Image: Calligraphy, by James Kim
Learning another language is a huge, sometimes overwhelming endeavor, but I feel it has made me a million times more aware of everything, from my surroundings to what people are saying – be it in French or English.
I moved to Montréal from London, and entered into an immersive experience at work a few months after arriving. I had taken French as a second language throughout elementary and high school, but the structure of this learning didn’t really stick. Language retention requires a lot of exposure and practice; learning it without a lot of speaking just doesn’t do the trick.
My first day of work began with a Monday morning team meeting.
Totally in French.
You think you know active listening? I’ll show you active listening! That morning felt very intense. I probably picked up about 10% of the content. I jotted down phrases and words that I heard and didn’t really understand. Especially those I heard a lot.
Through this process, I learned to ‘cut’ lots of phrases from the ‘active listening’ roster. Especially, filler words which are really commonly used and normally don’t matter. For instance, to connect two ideas we can say: “additionally”, “so”, “as well”, “and”, etc. It doesn’t really matter which one you pick, but as a listener, you need to recognize all of them.
I began to recognize these ‘inefficiencies’ in French and English conversations. For French, I was thankful because skipping over filler phrases gave me 1-2 seconds of bonus comprehension time, giving my synapses a chance to catch up. Continuous translation consumes processing time.
I found myself developing insight into establishing the central point or thesis of what another person is saying, with a precision/awareness that I hadn’t experienced before. There was a sense of urgency to understanding what was happening, and I needed to use all the tools at my disposal. I dipped in and out of French comprehension. So, when I didn’t know exactly what the words meant, I learned to use body language and any bits of context (visual cues, names of things, background info) I could grab to get to the essence of the conversation.
Sometimes the feeling of the speaker is actually the most important part of what they are saying. For example, at critical junctures I can ‘get the feeling’ that strategy is going to change drastically on something we’re working on. Nobody knows exactly what this will mean, so nothing is said out loud that really matters (or is concrete as such), but I’ve used these nonverbal methods to see these things coming.
This process of active observation, grabbing the thesis, highlighting important words (and contextual clues) became instinctive over a fairly short time, and it has transferred into my conversations in English as well. I have a sort of active mindfulness about the central point, word choices and what isn’t being said through body language.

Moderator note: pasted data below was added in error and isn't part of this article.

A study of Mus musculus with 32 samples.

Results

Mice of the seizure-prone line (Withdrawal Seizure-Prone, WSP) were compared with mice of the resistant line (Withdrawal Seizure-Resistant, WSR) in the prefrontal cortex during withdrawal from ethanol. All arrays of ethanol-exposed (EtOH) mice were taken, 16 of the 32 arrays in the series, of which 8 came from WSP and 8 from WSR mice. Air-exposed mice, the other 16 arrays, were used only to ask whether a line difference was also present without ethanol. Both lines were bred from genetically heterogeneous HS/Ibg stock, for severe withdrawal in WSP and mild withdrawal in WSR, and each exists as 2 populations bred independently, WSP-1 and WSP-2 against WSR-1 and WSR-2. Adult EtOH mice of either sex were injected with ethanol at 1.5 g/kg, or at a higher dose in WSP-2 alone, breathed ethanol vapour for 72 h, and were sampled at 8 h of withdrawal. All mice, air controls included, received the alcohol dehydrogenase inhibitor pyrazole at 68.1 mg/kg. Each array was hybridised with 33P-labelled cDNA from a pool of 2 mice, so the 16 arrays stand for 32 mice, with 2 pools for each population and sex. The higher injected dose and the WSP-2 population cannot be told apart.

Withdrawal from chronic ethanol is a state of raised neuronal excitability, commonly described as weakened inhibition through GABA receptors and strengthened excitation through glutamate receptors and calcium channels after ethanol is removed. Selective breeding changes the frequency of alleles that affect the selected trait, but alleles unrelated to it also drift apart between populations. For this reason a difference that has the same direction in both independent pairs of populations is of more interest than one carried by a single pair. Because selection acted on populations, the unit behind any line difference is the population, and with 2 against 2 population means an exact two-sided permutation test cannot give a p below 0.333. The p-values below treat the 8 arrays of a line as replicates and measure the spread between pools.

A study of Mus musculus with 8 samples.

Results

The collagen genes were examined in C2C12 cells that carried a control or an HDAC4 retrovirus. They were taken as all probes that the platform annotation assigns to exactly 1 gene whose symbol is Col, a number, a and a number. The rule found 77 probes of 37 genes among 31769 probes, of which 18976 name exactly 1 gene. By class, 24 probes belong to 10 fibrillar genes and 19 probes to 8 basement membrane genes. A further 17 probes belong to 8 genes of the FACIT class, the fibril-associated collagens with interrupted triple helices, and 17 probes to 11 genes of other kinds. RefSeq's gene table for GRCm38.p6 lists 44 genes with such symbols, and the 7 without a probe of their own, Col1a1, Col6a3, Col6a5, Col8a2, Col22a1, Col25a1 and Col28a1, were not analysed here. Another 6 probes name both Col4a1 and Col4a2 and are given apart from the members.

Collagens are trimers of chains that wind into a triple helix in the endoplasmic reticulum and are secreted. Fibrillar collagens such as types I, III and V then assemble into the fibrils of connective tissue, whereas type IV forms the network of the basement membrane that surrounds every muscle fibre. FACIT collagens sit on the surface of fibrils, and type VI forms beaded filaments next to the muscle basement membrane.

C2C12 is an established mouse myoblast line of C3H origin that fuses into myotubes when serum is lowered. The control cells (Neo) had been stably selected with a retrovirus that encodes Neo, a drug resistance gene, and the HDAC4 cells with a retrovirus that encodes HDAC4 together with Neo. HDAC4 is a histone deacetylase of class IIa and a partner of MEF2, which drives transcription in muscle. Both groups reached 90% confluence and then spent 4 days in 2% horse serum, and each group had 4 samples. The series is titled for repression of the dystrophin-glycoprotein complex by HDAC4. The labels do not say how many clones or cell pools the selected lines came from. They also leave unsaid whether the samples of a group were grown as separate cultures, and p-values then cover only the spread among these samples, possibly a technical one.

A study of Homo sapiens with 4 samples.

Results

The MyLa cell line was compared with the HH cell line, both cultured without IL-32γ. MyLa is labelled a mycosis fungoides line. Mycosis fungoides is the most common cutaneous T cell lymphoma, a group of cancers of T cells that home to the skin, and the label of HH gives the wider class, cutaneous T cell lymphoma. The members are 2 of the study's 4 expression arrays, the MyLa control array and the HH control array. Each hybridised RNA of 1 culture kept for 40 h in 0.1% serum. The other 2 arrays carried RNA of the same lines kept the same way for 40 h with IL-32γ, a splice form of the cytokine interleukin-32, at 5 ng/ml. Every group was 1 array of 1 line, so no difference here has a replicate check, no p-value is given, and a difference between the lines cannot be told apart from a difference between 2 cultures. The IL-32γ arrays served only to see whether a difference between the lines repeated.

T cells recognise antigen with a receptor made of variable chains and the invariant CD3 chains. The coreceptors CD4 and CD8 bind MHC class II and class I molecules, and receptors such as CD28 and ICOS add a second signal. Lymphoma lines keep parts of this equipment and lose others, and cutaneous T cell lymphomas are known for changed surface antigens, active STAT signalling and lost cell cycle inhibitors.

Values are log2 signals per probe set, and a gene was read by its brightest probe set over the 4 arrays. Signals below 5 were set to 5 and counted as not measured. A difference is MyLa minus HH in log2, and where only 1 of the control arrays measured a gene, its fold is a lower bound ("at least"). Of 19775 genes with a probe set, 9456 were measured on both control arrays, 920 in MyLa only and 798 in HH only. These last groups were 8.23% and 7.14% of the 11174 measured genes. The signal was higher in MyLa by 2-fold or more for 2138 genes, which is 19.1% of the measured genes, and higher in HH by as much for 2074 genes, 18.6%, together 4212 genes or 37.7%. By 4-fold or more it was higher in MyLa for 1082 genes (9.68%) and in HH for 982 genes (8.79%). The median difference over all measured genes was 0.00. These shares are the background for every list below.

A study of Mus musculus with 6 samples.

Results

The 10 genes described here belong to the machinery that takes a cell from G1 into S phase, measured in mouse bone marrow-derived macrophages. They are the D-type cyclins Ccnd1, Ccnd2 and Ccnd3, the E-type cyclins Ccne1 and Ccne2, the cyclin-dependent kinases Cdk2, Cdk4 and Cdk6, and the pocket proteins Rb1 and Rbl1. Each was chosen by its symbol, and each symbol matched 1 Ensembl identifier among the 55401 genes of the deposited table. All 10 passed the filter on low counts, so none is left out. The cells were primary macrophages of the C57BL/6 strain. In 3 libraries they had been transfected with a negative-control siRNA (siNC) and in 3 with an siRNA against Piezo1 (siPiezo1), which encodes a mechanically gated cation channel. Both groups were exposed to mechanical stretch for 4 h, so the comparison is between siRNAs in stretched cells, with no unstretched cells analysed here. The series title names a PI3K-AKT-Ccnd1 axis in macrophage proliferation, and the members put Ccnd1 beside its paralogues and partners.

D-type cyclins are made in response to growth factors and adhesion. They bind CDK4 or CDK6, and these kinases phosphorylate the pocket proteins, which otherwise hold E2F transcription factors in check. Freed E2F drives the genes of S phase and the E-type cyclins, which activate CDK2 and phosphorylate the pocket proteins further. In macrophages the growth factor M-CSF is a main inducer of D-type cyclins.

Now, when I interview users for example, I can pick up on important, sometimes unsaid points and explore them. I’m faster to synthesize what the person has said and help build a ‘line of inquiry’ related to that. I get to the feeling of what they’re all about quite quickly and dig into the important stuff around that. I’ve found myself much more in the moment and comfortable interviewing after this experience.
The other thing about learning a new language is the opportunity to have two different sets of logic in your everyday being. French uses grammatical structures that are significantly different from English, so you need to think through what you want to communicate in a different way, before speaking and while speaking. This involves some brain-bending, but these logical structures do become second nature with tons of practice. Now, sometimes I find myself preferring the French way of doing things.
My new dual perspective lets me see the linguistic deficits and strengths of these two languages. For example, in English you can address multiple people with “you” (which can feel oddly confrontational), “y’all” (which I like, but belongs to the southern States from what I can tell), “guys” (which people my dad’s age object to and may be gender-specific, depending on who you talk to) and; “folks” (which conjures a down to earth feeling, which isn’t great for just any situation). On the other hand, French has “vous” – and it works all the time.
Using another logic toolkit in everyday life experience has helped me realise how my own framework informs my thought structure. I believe that stepping into another frame of reference gives you a sense of empathy more fundamentally. It’s not a concrete, but rather abstract or intuitive thing. It’s about internalizing the concept that others experience their world in a framework other than my own and I should pay attention to my own assumptions more carefully.
To sum it up, the best way to describe my newfound way of listening is that I’ve learned to grasp a point using any means necessary, integrating a wide assortment of perceptions to tell what someone is really communicating.
This kind of multimodality isn’t that much different from good design. Good design ‘works’ by communicating the precise information (with words), emphasizing priority of information (contrast between font sizes) and communicating a feeling (with imagery and color).
In my work as a designer now, I find myself transferring this skill of multimodal perception into my work. I integrate all the perceptual elements that are present to anticipate how the reader or user will feel while experiencing what I am creating. As a result, I feel I am doing better work, and I’m grateful for the enhanced awareness that has come with being immersed in a new language.